10 Books for a Summer Reading List
(Bloomberg Opinion) -- It’s that time of year! With Memorial Day coming, the summer reading season gets underway. Here are 10 of the most promising titles for beach and porch.
On to the book list!
- “Bad Blood: Secrets and Lies in a Silicon Valley Startup” (2018) by John Carreyrou. Carreyrou broke the story about the Theranos fraud despite pressure and intimidation from lawyers even as the blood-testing company’s valuation approached $10 billion. But what really makes this such an amazing tale is how many people failed to do even the most basic due diligence, relying instead on the roster of all-star investors and directors. Everyone just assumed everyone else had checked out the company, its leaders and even the basic science behind its technology. It was a recipe for disaster; Theranos founder and Chief Executive Officer Elizabeth Holmes has already settled accusations of securities fraud.
- “Rocket Men: The Daring Odyssey of Apollo 8 and the Astronauts Who Made Man's First Journey to the Moon” (2018) by Robert Kurson. I remember as a small child being taken out of class, brought into an auditorium with the rest of the school to watch the very first moon landing on a black-and-white television propped up on the stage. If you are of that generation, or are a space geek, then this looks like it’s a must-read.
- “Measure What Matters: How Google, Bono, and the Gates Foundation Rock the World with OKRs (2018) by John Doerr. I consider us lucky to live in an era where successful rock ‘n’ rollers, hedge-fund managers and now venture capitalists feel compelled to share what they have learned over the course of their careers. OKR stands for “objectives and key results,” the goal-setting system Doerr learned when he was an engineer at Intel in the 1970s under the legendary Andy Grove.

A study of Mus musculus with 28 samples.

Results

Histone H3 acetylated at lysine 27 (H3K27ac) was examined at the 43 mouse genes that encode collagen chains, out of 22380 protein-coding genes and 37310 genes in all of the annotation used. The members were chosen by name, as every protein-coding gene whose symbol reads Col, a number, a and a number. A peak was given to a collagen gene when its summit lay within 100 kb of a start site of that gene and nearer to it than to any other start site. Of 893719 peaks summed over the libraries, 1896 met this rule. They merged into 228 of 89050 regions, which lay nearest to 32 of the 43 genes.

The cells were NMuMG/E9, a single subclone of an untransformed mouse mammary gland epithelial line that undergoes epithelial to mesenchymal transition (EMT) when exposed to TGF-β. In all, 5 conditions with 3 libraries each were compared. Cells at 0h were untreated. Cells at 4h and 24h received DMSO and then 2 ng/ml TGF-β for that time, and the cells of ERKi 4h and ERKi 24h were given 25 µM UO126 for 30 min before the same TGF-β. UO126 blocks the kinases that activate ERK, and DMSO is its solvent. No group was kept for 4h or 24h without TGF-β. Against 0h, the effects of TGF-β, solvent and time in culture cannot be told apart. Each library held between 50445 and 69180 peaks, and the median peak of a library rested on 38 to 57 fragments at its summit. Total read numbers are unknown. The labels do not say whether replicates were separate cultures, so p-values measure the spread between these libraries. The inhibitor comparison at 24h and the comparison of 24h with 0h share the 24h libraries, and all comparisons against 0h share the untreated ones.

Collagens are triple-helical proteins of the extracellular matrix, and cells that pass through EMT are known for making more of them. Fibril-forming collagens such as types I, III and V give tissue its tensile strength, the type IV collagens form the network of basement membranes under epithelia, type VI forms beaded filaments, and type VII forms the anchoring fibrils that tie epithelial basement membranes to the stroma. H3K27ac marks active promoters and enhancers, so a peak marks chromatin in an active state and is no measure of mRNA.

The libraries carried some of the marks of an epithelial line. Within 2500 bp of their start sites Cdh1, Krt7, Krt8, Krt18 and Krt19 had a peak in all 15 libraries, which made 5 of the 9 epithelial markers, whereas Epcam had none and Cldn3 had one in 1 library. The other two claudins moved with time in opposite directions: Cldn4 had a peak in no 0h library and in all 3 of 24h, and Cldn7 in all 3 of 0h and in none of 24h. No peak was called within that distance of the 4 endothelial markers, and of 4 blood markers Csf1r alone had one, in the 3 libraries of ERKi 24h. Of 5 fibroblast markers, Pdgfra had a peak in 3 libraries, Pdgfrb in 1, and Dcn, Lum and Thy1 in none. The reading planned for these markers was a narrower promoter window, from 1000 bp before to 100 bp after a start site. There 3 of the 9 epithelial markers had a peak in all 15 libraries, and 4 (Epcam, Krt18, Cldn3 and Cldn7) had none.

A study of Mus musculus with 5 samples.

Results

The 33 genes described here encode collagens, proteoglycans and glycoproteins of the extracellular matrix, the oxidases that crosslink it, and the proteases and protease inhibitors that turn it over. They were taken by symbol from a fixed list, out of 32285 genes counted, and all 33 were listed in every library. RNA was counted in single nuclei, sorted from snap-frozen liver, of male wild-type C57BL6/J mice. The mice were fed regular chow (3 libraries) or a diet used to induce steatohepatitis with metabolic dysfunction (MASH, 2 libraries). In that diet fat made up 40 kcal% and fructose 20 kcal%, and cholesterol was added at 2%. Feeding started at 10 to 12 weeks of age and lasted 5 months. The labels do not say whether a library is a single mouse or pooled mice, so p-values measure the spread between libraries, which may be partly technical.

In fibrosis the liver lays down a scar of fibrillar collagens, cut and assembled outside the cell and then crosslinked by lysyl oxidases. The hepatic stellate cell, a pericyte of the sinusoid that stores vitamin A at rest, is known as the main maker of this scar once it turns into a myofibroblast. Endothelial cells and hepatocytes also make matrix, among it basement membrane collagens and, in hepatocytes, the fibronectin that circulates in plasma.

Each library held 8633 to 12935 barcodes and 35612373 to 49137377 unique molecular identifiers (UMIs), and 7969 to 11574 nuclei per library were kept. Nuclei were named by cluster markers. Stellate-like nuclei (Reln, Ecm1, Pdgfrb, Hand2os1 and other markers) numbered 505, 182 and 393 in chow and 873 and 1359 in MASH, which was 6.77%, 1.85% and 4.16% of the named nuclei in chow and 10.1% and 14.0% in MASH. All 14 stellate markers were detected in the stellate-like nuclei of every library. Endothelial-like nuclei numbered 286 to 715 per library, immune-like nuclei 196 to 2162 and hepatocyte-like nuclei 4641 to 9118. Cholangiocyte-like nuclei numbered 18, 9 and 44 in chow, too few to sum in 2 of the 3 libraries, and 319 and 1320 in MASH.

- “Black Edge: Inside Information, Dirty Money, and the Quest to Bring Down the Most Wanted Man on Wall Street” (2018) by Sheelah Kolhatkar. Documents the seven-year probe by Securities and Exchange Commission into giant hedge fund SAC. Even though the firm was closed and several of its employees were found guilty of wrongdoing, Steve Cohen, the trading wizard behind it, survived to fight another day. Cohen had a two-year suspension from the securities industries, now expired. He has since opened his family office, Point 72, to investors. Another book that looks to read like a thriller.
- “Factfulness: Ten Reasons We're Wrong About the World-and Why Things Are Better Than You Think” (2018) by Hans Rosling. The data illustrations and TED talks of Hans Rosling went viral for all of the right reasons: They were informative, educational and fascinating. If you are at all interested in data analysis and how to look at the world objectively, then I suspect like me, you are looking forward to reading this book.
- “On Grand Strategy” (2018) by John Lewis Gaddis. Written by the Pulitzer Prize-winning author and professor of military and naval history at Yale University, this book is timely: strategy is central to the fraught situation on the Korean Peninsula, trade negotiations with China and the termination of the Iran nuclear agreement. There are lessons here for investors.
- “Killers of the Flower Moon: The Osage Murders and the Birth of the FBI” (2009) by David Grann. I first learned about the Osage murders when researching FBI history for another project. The story seems almost too fantastical to be real. But real it was, a mesmerizing and horrible tale of murder of an entire family to steal oil rights. The book, written by the author of “The Lost City of Z: A Tale of Deadly Obsession in the Amazon,” comes highly recommended.
- “Robin” (2018) by Dave Itzkoff. I was a big fan of the improv wizard and comic genius that was Robin Williams, and admired the films in which he starred, including “Good Morning, Vietnam,” “Dead Poets Society,” “The Fisher King” “Aladdin” and “Mrs. Doubtfire.” But I had no idea he suffered from a debilitating and ultimately fatal depression. This looks to be a fascinating read.
- “The Evolution of Beauty: How Darwin's Forgotten Theory of Mate Choice Shapes the Animal World — and Us” (2017): Richard O. Prum. Evolution helps to explain a lot about the natural world, but it doesn’t fully explain beauty and mate choice in animals or in people. By a professor of ornithology at Yale University, this looks like a tale in great natural sciences.
- “A World Lit Only by Fire: The Medieval Mind and the Renaissance: Portrait of an Age” (1992): William Manchester. I read the sentence “In the year 1500, after a thousand years of neglect, the roads built by the Romans were still the best on the continent” — and I was hooked. You will be, too.